A new app has launched aimed at reducing false allegations of rape by filming consent before having sex.
Users of We-Consent record 20-second clips naming who they’re about to have sex with.
The app only works if the camera detects human faces and if both people involved are clearly heard saying “yes”.
However, support group Rape Crisis says that although the app has good intentions it “throws up concerns”.
Katie Russell, the national spokeswoman for Rape Crisis in England and Wales, told Newsbeat: “Someone saying ‘yes’ to sex on camera does not necessarily prove that they have given their consent.
“Consent must be fully and freely given by someone with the capacity to do so.
“Video footage might not capture whether someone has been threatened, bullied or intimidated into saying ‘yes’ to sex and, if they have, then they have not fully or freely given their consent, even if they’ve said the word ‘yes’ out loud.
- A person consents if he or she agrees by choice, and has the freedom and capacity to make that choice.
- The law does not require the victim to have resisted physically in order to prove a lack of consent.
- The question of whether the victim consented is a matter for a jury to decide.
- The jury must be satisfied that the man believed he had consent.
“In an abusive or controlling relationship, someone might be forced or manipulated into being filmed ‘consenting’ to sex.
“The concept seems to assume and suggest that ‘false allegations of rape’ are a common problem that young people need to be worried about; they’re absolutely not.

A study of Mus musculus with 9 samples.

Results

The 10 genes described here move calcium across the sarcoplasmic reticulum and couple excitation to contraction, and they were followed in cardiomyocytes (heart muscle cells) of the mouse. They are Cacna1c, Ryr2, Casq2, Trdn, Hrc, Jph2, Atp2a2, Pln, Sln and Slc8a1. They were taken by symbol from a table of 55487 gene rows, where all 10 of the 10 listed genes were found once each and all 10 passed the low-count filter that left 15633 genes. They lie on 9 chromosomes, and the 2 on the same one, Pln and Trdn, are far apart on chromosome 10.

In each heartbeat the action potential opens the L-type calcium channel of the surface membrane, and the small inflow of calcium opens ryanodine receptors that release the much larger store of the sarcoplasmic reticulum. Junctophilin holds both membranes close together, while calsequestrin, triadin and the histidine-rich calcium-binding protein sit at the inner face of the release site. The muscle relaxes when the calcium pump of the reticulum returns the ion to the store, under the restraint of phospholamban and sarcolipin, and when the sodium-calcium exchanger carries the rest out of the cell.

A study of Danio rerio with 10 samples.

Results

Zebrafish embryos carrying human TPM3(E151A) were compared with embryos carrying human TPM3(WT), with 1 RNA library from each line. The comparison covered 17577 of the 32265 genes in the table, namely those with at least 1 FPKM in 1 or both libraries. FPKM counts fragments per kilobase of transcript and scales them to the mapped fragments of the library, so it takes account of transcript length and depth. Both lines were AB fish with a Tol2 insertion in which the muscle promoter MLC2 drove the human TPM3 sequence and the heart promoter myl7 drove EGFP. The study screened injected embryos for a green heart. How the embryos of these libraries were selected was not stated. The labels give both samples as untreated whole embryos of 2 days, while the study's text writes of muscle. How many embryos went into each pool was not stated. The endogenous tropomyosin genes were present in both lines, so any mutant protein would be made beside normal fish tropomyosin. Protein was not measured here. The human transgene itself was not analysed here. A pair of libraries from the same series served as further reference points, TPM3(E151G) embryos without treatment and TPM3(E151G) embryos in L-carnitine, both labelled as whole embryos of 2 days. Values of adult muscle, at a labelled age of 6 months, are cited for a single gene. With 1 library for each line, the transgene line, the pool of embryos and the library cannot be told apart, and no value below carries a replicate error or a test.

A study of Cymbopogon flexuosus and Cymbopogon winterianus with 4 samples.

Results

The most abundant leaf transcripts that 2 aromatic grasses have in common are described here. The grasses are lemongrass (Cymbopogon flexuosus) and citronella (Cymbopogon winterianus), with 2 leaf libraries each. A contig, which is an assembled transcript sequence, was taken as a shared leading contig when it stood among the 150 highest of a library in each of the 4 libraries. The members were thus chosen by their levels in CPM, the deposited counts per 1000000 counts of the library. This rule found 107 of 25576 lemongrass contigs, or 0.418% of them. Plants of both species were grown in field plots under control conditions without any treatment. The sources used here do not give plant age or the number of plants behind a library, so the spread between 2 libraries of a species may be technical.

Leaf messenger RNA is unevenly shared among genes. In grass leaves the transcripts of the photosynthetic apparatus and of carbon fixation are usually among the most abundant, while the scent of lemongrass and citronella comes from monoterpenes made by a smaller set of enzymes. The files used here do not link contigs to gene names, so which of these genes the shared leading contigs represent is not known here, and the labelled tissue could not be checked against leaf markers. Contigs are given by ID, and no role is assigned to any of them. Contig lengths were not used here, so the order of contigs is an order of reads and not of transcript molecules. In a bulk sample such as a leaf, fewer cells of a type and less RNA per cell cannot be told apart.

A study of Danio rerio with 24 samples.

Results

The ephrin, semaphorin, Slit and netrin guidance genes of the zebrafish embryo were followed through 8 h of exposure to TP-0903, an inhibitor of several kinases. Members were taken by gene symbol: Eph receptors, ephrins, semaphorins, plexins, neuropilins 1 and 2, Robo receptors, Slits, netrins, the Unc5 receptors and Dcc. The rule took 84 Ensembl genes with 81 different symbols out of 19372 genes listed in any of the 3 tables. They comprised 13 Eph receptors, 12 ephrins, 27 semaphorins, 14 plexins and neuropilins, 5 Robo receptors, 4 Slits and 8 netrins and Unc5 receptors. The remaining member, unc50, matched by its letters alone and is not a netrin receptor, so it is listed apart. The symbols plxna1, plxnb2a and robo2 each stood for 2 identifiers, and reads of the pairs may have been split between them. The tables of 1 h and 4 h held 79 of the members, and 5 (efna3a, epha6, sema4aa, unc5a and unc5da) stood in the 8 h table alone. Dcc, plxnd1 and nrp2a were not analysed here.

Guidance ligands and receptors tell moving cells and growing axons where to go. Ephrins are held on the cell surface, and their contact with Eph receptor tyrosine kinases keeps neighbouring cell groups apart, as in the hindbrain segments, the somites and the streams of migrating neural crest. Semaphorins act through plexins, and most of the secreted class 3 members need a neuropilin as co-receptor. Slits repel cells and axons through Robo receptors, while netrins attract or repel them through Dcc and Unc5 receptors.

“In fact, the Crown Prosecution Service (CPS) has looked carefully at false allegations of rape and concluded that they are ‘very rare’.”
The most recent CPS study, carried out between January 2011 and May 2012, found there were 121 suspects whose cases involved allegedly false rape complaints.
Of these, 35 were prosecuted, 25 for perverting the course of justice and 10 for wasting police time.
Similar apps have been launched in the past, with Good2Go offering a multiple choice screen around consent, but this is the first to introduce video recording.
Developers say their app “demands a discussion of affirmative consent” and will help end “misunderstandings”.
If the app doesn’t think this is the case, the recording stops and asks that users try again.
The US-based developers say the 20-second clip “creates a seven-year encrypted record available only to law enforcement”.
If you want help or advice about rape visit BBC Advice or contact Rape Crisis on 0808 802 9999.